Federal judge Randolph Moss didn't state his position Thursday regarding how he will rule on a lawsuit against a major Labor Department investment-advice regulation.
But his questioning of plaintiffs and defense attorneys during a hearing that lasted more than three hours indicated he is probably leaning toward upholding the regulation and not granting the preliminary injunction being sought by the National Association of Fixed Annuities.
If Mr. Moss denies a preliminary injunction, the case wouldn't die at that point, but NAFA would be unlikely to continue pursuing it at the district level because the case wouldn't be decided until well after the DOL rule must be implemented next spring. NAFA instead would likely seek an expedited appeal.
This is the first of the five lawsuits against the DOL rule to be given a hearing. The next one, also a preliminary injunction motion, will be held Sept. 21 in a Kansas federal court. A separate hearing on several other suits will occur in November in Dallas.
“I will now go about trying to figure this all out,” Mr. Moss said at the end of Thursday's proceedings in the District Court for the District of Columbia.
That was his official position. But as he examined the arguments that NAFA laid out in its suit, he pushed its lawyer, Philip Bartz, a partner at the law firm Bryan Cave, to demonstrate how many insurance agents would lose their jobs because of the new rule, which, NAFA argued, would curb their ability to charge commissions.
NAFA must meet a high bar — proving the DOL rule would cause irreparable harm — in order to obtain a preliminary injunction.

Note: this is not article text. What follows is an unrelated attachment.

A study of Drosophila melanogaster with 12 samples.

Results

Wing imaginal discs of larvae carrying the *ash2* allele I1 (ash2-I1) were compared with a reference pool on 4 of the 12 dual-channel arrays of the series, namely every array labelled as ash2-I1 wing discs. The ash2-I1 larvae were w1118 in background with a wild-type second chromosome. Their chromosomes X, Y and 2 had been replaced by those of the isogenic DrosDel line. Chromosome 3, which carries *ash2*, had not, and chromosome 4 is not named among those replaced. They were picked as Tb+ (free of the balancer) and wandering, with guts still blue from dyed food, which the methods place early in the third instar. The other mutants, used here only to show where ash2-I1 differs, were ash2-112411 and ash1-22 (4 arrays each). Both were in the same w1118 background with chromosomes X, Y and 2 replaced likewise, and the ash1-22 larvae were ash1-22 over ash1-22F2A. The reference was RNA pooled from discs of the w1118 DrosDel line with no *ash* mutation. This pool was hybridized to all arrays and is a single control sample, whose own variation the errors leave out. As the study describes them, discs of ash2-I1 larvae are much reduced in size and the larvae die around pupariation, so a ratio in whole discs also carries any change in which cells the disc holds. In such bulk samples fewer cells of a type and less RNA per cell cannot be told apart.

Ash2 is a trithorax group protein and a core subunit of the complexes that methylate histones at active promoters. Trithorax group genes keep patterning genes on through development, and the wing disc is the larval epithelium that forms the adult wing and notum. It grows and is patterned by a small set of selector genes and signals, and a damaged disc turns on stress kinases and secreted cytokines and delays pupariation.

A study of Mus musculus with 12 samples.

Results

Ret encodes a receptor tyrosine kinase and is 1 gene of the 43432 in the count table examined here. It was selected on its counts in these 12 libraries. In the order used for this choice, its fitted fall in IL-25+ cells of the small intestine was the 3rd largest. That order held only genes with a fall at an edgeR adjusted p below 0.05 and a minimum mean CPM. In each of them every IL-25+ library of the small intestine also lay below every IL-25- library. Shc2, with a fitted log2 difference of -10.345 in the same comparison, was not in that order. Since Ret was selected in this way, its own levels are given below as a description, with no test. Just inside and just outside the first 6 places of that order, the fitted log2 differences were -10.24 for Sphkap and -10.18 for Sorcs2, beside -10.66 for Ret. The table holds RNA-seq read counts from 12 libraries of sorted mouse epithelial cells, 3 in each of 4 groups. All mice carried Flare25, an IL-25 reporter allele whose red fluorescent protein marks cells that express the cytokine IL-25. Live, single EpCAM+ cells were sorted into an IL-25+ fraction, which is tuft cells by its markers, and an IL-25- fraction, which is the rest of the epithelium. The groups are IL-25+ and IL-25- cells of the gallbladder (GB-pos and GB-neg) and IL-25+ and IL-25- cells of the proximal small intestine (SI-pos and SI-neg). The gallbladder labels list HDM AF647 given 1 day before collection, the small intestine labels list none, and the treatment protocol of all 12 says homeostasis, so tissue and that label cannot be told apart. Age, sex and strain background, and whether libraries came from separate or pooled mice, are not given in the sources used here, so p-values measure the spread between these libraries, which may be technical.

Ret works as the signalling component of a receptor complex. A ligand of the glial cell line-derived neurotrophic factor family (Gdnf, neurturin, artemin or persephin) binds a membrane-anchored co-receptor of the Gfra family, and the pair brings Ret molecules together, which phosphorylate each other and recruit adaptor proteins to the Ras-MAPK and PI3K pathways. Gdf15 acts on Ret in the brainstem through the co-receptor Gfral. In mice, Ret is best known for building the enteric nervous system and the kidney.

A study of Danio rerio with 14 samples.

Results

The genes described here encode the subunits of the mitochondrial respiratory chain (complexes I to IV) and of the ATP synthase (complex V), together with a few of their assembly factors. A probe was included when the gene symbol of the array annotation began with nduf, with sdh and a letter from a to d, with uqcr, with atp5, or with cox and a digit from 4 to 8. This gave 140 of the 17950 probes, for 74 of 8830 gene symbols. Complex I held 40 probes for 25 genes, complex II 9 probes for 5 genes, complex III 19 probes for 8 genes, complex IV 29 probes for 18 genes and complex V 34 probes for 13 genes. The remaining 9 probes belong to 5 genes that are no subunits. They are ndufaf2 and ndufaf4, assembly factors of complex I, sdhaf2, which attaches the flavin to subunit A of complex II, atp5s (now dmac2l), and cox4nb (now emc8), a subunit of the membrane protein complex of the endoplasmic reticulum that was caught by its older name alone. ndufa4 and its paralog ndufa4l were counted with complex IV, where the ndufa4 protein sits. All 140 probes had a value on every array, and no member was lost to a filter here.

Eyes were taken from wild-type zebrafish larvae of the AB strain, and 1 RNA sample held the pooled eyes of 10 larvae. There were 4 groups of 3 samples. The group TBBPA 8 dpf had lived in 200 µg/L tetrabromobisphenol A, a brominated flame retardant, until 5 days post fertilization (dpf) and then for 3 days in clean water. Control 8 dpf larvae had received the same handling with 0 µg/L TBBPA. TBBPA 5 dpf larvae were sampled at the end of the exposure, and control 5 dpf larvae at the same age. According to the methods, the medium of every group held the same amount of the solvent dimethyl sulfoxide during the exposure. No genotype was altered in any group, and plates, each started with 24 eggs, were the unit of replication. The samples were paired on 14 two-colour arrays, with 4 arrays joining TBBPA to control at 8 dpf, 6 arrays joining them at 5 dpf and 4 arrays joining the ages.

Mr. Bartz didn't appear to provide the answer Mr. Moss sought.
“It sounded to me like he didn't think they had what it took to make the irreparable harm standing,” said Erin Sweeney, counsel at Miller & Chevalier, who attended the hearing. “He's likely to side with the government on this one.”
That's not to say Mr. Moss wasn't painstaking in his questioning.
He explored whether the DOL exceeded its authority by creating a private right of action for clients to sue their advisers if the advisers fail to act in their best interests in retirement accounts.
He seemed to come down in favor of the agency because clients would be suing over the breach of the best interest contract, and breach of contract is not a novel right of action.
“I'm still thinking this through,” Mr. Moss said. “At this point, I'm not sure there's a Sandoval problem,” he said, referring to a case, Alexander v. Sandoval, that revolved around a private right of action.
But he said he was less certain that the DOL deserved the judicial deference given to regulators in previous cases, because of questions surrounding how it put fixed annuities under the best interest contract, the enforcement of contract and its potential to cause many lawsuits.
On that point, Mr. Bartz offered one of the more earthy moments of the hearing.
“They'll have to become a [registered investment adviser],” he said of insurance agents who will have to change their business model under the DOL rule. “They would be crazy not to. They'll get their butts sued off.”
In DOL's defense, Emily Newton, a lawyer for the Department of Justice, said the agency “borrowed from existing duties” granted by Congress to determine what investment products are subject to the best-interest contract.
Labor Secretary Thomas Perez said Thursday the rule will withstand the court challenges.
“We have great confidence in what we did,” Mr. Perez told reporters in a White House conference call Thursday. “We have clear legal authority” to promulgate the rule.
Mr. Moss must now retreat to his chambers to formulate an opinion. Ms. Sweeney expects him to issue a ruling within 30 days.
There's a chance there will be a split in the circuits, with Mr. Moss ruling against a preliminary injunction and Judge Daniel Crabtree in the Kansas court granting one. Both are appointees of President Barack Obama.
“Getting it off his desk means getting it up to the circuits and ultimately to the Supreme Court,” Ms. Sweeney said of Mr. Moss' likely desire to give the plaintiffs a chance to appeal.